On July 5, 2018, a federal judge in the Eastern District of California granted the U.S. Department of Justice’s (“DOJ”) request to temporarily prevent the state of California from enforcing key provisions of AB 450, one of three “sanctuary” laws that Governor Jerry Brown signed into law on October 5, 2017, and which took effect on January 1, 2018. AB 450, known as the Immigration Worker Protection Act, provides that California employers:
- May not allow federal immigration officials to access the employer’s nonpublic work areas unless the officials have a judicial warrant;
- May not allow federal immigration officials to access employee records without a subpoena or judicial warrant;
- Must provide notice to its employees before and after the federal government inspects the employer’s I-9 forms; and
- May not re-verify an employee’s lawful work authorization status unless required to do so by federal law.
In March 2018, The U.S. DOJ sued the state of California, arguing that AB 450 impedes the federal government’s ability to enforce immigration law. California has argued that it cannot be forced to assist the federal government with immigration law enforcement. The lawsuit asked the Court for a preliminary injunction while the lawsuit goes forward. At the preliminary injunction hearing on June 20, 2018, Eastern District Judge John Mendez asked the lawyers to set aside their formal arguments, and instead engaged them in a six-hour question-and-answer session.
In its July 5 order, the Court agreed to halt enforcement of one provision of AB 450, and refused to halt enforcement of other parts of the law. Employers may now allow federal immigration officials to inspect non-public work areas without a judicial warrant. But employers must still provide the mandated notices regarding inspection of employee records because, the Court reasoned, doing so did not impede the federal government’s ability to enforce immigration law.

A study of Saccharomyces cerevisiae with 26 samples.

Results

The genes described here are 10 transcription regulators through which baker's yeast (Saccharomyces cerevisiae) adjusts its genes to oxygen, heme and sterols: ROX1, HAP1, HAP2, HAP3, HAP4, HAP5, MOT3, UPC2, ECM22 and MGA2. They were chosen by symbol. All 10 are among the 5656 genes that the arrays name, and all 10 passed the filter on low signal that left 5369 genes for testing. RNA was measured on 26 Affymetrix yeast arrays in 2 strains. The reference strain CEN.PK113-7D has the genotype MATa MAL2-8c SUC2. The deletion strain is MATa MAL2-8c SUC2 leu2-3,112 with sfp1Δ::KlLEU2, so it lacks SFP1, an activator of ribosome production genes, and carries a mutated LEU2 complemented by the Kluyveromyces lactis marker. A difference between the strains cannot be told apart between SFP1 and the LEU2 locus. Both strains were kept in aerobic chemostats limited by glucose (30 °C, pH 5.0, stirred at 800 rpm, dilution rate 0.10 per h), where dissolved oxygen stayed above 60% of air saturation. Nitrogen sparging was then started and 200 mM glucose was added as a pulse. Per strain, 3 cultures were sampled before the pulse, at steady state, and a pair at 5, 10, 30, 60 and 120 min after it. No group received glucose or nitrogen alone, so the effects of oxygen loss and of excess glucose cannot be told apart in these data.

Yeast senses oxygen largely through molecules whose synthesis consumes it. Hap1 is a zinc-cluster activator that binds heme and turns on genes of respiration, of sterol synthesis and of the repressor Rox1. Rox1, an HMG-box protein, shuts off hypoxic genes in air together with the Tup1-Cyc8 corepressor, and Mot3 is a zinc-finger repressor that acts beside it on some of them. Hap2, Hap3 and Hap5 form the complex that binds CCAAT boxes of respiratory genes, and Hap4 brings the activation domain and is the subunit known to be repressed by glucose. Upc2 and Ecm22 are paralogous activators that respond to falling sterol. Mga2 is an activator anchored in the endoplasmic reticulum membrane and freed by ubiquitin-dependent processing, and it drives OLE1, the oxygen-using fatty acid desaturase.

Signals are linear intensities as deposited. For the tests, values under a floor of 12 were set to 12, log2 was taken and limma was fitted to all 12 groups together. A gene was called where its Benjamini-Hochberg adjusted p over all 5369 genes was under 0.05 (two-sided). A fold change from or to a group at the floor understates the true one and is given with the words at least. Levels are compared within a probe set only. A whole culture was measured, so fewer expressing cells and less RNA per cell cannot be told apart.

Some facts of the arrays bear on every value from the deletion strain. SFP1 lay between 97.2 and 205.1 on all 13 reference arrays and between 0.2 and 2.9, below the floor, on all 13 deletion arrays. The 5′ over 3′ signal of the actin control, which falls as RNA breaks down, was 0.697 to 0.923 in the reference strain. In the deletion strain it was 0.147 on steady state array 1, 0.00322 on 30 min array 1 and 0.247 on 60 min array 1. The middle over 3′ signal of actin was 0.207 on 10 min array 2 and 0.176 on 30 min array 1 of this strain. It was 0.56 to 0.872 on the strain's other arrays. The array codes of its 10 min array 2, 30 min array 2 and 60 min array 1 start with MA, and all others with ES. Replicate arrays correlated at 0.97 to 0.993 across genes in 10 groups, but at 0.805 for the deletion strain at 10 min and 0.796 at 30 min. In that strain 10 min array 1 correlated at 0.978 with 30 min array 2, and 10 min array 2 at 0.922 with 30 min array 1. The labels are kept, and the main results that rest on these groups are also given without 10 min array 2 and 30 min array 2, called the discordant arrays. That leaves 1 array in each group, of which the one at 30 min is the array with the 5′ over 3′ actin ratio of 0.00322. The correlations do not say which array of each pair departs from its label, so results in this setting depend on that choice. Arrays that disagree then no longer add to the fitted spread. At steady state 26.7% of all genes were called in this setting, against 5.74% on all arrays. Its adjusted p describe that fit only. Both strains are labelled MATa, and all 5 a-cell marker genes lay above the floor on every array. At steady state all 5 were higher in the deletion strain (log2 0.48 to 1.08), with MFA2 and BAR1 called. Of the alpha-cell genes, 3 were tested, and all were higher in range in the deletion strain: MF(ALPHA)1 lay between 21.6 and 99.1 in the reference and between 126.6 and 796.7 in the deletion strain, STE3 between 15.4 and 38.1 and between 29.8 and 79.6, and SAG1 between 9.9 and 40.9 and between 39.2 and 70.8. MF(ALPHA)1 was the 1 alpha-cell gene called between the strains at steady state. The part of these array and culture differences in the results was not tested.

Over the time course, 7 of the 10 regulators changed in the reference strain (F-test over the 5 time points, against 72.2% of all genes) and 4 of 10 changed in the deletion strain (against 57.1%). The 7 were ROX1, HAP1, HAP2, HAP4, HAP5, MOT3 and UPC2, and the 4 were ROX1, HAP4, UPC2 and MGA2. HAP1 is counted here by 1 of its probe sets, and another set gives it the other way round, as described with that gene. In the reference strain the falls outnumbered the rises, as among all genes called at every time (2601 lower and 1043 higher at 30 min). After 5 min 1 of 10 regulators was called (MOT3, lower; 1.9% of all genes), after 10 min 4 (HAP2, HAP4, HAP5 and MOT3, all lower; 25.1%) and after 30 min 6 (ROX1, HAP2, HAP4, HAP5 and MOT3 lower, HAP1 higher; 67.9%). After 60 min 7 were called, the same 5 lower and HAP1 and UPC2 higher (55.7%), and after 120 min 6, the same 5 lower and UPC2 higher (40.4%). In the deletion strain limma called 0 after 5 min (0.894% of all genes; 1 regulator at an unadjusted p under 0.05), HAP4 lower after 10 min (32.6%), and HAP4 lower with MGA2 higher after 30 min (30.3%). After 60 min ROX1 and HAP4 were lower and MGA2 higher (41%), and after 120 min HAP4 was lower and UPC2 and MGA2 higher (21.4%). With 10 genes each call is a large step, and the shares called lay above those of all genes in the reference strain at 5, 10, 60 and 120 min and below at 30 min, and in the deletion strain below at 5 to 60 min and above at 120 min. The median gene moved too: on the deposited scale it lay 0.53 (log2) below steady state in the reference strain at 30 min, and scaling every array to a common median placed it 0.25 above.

The U.S. DOJ’s lawsuit also sought to invalidate California’s other “sanctuary” laws: SB 54, which limits law enforcement officials’ cooperation with federal immigration enforcement officials, and AB 103, which gives state officials the authority to inspect the conditions of federal immigration detention facilities located in California. The Court declined to temporarily halt those provisions.
What This Means for California Employers:
Employers should continue to comply with AB 450’s requirements to notify employees before and after receiving a request to inspect I-9s or other employee records. Those notice requirements are very detailed, and violators incur significant monetary fines, so employers should take great care to understand these requirements, and should seek legal counsel as necessary.
For now, California is prohibited from enforcing AB 450’s prohibition against allowing federal immigration officials to inspect an employer’s non-public work areas without a warrant. Thus, employers who do permit these inspections will not be in violation of California law.